Each year more than half the children in Roth’s Grade 6 class are forced to drop out of school and either care for younger siblings, or join the workforce to help support their families.
Roth is one of more than 100 children who attend Trapeang Trauk Primary School in Kampong Speu.
Kampong Speu is one of the poorest Provinces in Cambodia.
Unlike the majority of the Province’s adult population, who are largely uneducated and earn as little as $1.50 a day working in garment factories and in rice paddies, Roth dreams of becoming a maths teacher.
Despite the immense poverty, Trapeang Trauk Primary School fields one of the strongest youth soccer teams in Cambodia.
The Australia Cambodia Foundation Chairman Kevin Tutt said the student’s participation in sport was identified as being one of the key factors to maintaining school attendance.
Each day Roth and his classmates walk up to 10 kilometres to get to school. As it is normally dark by the time the children finish soccer training, they often sleep over night in makeshift beds in the school kitchen, on tables and dirty floors.
Trapeang Trauk Primary School does not have access to clean water. The children who stay overnight cook their meals and care for themselves with little sanitation or hygiene. Many of the children suffer from malnutrition and sickness.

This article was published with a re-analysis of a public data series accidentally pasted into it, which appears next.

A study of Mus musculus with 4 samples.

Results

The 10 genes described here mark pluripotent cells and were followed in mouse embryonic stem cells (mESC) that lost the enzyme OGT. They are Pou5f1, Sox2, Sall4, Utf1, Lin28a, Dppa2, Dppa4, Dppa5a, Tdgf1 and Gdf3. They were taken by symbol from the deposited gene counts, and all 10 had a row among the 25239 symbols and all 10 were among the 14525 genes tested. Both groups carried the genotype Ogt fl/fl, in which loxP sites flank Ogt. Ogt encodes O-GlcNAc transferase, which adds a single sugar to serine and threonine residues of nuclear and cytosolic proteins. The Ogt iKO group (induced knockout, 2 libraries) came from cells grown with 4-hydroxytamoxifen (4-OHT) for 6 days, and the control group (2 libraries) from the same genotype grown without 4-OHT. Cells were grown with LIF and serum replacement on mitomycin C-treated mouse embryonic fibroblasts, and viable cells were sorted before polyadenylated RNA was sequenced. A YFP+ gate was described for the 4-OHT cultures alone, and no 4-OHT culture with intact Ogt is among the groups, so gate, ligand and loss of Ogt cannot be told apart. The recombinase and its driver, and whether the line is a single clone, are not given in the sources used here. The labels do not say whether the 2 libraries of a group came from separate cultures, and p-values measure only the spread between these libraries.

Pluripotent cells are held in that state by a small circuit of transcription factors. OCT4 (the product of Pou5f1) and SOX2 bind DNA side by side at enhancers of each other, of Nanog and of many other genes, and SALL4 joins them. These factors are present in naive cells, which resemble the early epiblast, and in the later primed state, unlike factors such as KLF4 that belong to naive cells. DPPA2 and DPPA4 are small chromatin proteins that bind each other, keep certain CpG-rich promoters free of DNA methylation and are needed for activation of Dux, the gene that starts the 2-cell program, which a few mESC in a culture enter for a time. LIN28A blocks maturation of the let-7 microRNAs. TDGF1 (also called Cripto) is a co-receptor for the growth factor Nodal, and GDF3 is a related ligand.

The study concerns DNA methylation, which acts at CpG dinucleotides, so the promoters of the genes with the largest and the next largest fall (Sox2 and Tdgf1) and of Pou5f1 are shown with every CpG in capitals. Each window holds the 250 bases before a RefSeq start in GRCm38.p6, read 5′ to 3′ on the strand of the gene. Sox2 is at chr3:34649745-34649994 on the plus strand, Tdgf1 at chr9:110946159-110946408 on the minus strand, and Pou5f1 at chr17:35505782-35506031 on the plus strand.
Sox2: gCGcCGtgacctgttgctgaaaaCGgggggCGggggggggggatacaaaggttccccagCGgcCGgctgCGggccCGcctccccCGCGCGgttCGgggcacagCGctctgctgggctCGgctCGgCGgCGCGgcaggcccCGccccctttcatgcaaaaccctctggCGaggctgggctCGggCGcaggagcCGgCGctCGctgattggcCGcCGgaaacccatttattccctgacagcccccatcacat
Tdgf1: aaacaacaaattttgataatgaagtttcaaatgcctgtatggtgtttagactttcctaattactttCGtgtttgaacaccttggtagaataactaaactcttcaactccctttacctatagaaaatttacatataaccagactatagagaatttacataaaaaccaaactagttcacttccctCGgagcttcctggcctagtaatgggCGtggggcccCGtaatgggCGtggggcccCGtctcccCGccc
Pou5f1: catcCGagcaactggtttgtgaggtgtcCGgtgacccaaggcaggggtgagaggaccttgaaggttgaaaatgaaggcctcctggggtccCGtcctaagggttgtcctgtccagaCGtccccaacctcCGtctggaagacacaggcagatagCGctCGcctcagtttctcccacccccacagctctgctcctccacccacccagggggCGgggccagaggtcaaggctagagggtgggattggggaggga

“Trapeang Trauk Primary School is one of three schools Sunrise will partner with to help break the cycle of poverty and improve the quality of living for the residents of the Kampong Speu Province’s Prambey Mum commune.
Sunrise’s first project will include renovating the school’s classrooms, bathrooms and kitchen, as well as installing a new soccer field for the children to train on.
Sunrise will also be working with the school’s staff and wider community to increase the quality of education and the overall learning experience.”